The most common pets in many homes are dogs and cats. Some people prefer to keep both dogs and cats but some prefer to keep one of the two. Choosing which pet to keep in one’s house would be determined by various factors including one’s lifestyle and personality (Sussman, 42).
Cats have been said to be human companions since time immemorial. Cats have many health and psychological benefits to their owners. Cats apparently lower the risk of getting cardiovascular disease. Cats as well as dogs prevent allergies in children considerably. The exposure to these animals at an early age develops a strong immunity in the children. Cats provide a form of therapy that enables one to avoid visiting the health centers quite often (Fine, 76). They have also been said to help to a great extent autistic children. These are children who are poor in communication and social relationships. Cats can help relieve depression. This is possible with the unconditional companionship a cat can offer.
On the hand dogs too have many benefits as well. Being social animals by nature, dogs accompany people more than cats do. Dogs can be a source of fun as they are more open to learn than their cats’ counterparts. A dog learns to communicate with its owner better than a cat and thus become better companions than cats. Cats are solitary animals by nature of want to be left alone some times. Both cats and dogs provide health benefits to their owners, but the benefits accrued from dogs are far much more than those from cats. Other than helping relieve depression, stress and other psychological problems, dogs can help one practice quite often. Unlike cats who only like staying indoors, dogs love to walk and run around in the company of their owners (Sussman, 85). This would especially be beneficial to old people who might find it hard to exercise without a companion. Dogs are also a source of security. Dogs do not only scare away potential threats but can also alert one in case of danger. They are especially beneficial in elderly people’s homes. Cats cannot alert or scare away potential threats. They do not even seem to identify strangers unlike dogs who will always identify a stranger in one’s home (Sussman, 112). Considering that it is easier to teach dogs than it is to teach cats, dogs develop a closer relationship with their human counterparts than cats.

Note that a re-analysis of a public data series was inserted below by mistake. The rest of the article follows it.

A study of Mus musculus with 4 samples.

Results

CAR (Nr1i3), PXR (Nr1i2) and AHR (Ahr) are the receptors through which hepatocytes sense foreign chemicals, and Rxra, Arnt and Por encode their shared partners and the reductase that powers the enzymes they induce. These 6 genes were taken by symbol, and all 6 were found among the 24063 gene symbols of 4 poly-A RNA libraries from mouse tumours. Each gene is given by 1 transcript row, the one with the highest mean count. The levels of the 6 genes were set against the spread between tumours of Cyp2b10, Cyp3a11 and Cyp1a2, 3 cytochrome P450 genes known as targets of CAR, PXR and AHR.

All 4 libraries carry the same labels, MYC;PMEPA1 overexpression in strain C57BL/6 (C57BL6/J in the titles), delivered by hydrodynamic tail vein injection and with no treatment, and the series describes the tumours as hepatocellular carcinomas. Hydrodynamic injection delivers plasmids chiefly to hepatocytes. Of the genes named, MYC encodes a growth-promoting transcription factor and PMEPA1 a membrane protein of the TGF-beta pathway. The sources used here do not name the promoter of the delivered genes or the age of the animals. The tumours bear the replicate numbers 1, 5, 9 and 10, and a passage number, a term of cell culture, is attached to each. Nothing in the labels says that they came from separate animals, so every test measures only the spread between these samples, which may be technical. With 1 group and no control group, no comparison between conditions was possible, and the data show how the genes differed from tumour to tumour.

Both pets are beneficial in one way or another. It is clearly evident though that owning a dog is much better than owning a cat. It only depends on one’s own interests and needs when deciding which pets to keep or own. One can choose to own both though if you have the capability to maintain them both.
Sussman, M. B. Pets and the Family. London: Rutledge, 1985.
Fine, A.H. handbook on animal-assisted therapy: Theoretical Foundations and guidelines for Practice. Massachusetts: Academic press, 2010.